Bakers cyst was not removed - is there a reason why?

    Why was not the bakers cyst removed whilst I had an arthroscopy to correct a meniscus tear? Thank you.
  • Find a professional to answer your question

  • 2

    Thanks

    Dr Chien-Wen Liew

    Orthopaedic Surgeon

    Adelaide Orthopaedic HIP, KNEE and SHOULDER Surgeon specialising in Sports Injury and Joint Replacement. View Profile

    The Bakers cyst is an outpouching at the back of your knee. It is a marker that something is irritating your knee, and causing excess synovial fluid from building in the knee. 

    The Bakers Cyst is actually not a major problem in itself. It can cause some discomfort at the back of the knee, but it is rarely treated as it usually resolves on its own once the internal derangement of your knee is fixed. 

    During an arthroscopy, a Bakers cyst is not seen as it lies outside the knee joint itself. Sometimes it gets even bigger after an arthroscopy. 

    When a Bakers Cyst becomes troublesome, we occasionally remove them, but this requires a very careful approach, as there are a lot of major blood vessels and nerves in the same area, and if they are damaged, would lead to a poor outcome with respect to vessel damage or nerve damage. That is why there is a reluctance to perform this operation.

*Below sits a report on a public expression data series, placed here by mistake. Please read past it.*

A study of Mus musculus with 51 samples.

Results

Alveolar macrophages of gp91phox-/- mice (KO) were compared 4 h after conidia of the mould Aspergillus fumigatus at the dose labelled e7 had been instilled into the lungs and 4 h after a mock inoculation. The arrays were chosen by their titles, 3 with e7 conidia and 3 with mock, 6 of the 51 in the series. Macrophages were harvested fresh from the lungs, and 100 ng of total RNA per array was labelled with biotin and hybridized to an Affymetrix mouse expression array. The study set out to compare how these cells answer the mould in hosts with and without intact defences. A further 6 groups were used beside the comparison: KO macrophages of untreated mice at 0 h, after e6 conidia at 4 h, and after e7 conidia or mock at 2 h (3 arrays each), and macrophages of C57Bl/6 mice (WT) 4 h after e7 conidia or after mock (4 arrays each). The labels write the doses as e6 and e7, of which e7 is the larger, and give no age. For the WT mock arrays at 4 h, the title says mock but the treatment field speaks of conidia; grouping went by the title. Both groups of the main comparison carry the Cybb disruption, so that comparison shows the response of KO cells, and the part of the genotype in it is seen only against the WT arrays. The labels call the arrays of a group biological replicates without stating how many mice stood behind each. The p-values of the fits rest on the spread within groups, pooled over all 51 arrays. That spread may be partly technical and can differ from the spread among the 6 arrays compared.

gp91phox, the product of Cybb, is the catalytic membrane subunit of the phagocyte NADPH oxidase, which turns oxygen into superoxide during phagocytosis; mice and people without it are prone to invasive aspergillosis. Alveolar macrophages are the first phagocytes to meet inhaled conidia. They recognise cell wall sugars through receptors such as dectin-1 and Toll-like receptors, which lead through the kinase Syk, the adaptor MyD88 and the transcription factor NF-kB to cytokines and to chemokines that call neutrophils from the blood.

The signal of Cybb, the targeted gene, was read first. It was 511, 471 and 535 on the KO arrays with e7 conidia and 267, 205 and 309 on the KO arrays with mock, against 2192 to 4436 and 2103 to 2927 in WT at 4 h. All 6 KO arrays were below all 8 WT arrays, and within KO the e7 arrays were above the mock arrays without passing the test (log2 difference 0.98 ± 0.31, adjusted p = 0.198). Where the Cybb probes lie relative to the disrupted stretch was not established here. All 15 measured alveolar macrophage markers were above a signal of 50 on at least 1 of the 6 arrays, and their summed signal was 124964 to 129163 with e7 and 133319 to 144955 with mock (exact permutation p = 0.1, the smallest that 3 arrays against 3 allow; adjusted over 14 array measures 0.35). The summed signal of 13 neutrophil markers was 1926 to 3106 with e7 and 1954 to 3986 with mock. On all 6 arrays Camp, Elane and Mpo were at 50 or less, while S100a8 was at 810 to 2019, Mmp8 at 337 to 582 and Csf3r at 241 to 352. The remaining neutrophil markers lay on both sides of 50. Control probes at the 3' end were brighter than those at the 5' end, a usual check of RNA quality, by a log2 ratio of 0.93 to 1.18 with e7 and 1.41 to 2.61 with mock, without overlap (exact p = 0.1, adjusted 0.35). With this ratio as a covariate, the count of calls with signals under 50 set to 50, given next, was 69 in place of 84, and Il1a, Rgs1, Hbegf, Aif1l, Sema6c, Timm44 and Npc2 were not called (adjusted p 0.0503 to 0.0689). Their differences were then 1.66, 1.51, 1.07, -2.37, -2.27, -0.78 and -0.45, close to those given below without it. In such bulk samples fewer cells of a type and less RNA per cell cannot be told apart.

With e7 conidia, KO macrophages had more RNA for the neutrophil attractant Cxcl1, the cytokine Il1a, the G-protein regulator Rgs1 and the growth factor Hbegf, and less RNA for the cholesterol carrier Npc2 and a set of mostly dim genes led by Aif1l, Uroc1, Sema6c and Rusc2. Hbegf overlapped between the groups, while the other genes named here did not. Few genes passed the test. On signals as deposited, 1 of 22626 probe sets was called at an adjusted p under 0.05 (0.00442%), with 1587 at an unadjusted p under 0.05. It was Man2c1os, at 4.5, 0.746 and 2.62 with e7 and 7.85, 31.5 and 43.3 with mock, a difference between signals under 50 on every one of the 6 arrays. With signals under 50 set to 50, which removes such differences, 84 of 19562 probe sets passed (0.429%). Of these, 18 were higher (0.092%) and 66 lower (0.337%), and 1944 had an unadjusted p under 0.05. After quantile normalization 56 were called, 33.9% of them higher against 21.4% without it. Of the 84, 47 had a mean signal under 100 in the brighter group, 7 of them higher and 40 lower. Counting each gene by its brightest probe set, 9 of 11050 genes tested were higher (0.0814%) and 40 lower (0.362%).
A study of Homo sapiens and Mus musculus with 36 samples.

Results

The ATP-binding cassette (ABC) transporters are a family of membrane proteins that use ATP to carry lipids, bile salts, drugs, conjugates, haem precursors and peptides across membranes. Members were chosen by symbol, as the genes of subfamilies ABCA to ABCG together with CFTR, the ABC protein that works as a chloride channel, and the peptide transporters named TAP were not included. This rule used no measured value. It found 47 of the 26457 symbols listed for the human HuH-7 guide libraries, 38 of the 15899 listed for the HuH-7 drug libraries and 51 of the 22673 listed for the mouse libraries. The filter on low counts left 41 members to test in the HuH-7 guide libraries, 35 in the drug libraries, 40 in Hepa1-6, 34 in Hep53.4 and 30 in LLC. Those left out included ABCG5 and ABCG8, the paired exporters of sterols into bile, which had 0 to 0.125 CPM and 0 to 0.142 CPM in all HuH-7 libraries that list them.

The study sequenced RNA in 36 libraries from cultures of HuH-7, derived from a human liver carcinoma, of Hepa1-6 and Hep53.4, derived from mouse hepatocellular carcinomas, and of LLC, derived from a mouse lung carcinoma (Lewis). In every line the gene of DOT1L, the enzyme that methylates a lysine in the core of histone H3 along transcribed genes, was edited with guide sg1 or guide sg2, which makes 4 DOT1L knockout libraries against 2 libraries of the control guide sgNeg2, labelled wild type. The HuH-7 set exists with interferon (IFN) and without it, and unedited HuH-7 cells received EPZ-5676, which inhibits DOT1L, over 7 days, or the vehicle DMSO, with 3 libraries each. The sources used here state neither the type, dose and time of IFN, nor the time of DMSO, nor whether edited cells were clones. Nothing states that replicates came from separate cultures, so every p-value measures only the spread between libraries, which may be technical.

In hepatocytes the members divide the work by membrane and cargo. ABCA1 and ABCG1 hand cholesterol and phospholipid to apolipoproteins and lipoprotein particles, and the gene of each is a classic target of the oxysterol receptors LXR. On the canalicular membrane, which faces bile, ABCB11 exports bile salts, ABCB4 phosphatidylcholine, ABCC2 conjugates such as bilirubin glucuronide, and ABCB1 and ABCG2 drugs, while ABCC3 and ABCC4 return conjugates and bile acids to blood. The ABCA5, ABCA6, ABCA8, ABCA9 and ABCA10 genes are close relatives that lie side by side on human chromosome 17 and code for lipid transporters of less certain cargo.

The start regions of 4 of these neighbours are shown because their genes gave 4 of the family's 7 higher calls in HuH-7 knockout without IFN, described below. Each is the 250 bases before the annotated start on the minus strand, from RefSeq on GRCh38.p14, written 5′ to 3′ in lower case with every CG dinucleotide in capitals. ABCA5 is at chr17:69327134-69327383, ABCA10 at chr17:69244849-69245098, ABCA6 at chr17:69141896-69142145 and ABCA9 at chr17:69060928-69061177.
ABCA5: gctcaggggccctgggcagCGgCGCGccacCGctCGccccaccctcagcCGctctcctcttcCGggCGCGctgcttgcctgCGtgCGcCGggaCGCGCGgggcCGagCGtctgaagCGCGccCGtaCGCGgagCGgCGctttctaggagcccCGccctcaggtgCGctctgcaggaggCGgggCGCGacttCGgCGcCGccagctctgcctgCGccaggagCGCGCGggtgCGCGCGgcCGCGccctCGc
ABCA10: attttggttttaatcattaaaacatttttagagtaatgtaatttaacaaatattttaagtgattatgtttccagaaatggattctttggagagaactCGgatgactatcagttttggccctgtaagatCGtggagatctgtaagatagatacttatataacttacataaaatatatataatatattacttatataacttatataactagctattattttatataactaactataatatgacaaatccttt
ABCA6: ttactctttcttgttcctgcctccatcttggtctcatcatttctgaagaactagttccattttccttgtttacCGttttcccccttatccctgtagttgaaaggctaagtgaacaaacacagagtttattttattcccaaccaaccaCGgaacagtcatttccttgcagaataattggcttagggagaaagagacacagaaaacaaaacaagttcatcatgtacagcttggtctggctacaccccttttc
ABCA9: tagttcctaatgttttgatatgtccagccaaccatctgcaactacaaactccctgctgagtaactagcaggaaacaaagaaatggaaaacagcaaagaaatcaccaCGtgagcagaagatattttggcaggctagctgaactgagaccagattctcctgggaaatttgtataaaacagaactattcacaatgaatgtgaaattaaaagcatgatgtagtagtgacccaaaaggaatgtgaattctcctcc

Our research suggests that Bakers Cysts are not that troublesome from a functional perspective. We generally just leave them to resolve on their own. Occasionally an aspiration performed in the rooms can be done to reduce the size, but if there is still irritation in the knee, it will come back. 

    I hope this answers your questions. 

  • 3

    Thanks

    Mr Ilan Freedman

    Orthopaedic Surgeon

    Mr Ilan Freedman is an experienced Melbourne Orthopaedic Surgeon with specialist expertise in Direct Anterior Minimally Invasive Hip Replacement, Patient-Specific Knee Replacement, Robotic Hip and … View Profile

    The bakers cyst fomed due to the meniscal tear, which creates a one-way valve and allows fluid to escape behind the knee.

    The region behind the knee bones is a dangerous area to operate as the important artery and nerves to the foot are there.

    Therefore, the general approach to a bakers cyt is to treat the underlying problem (e.g. the meniscal tear), and explain to the patient that once the cause is removed, the cyst will resolve with time (as the fluid can escape back out).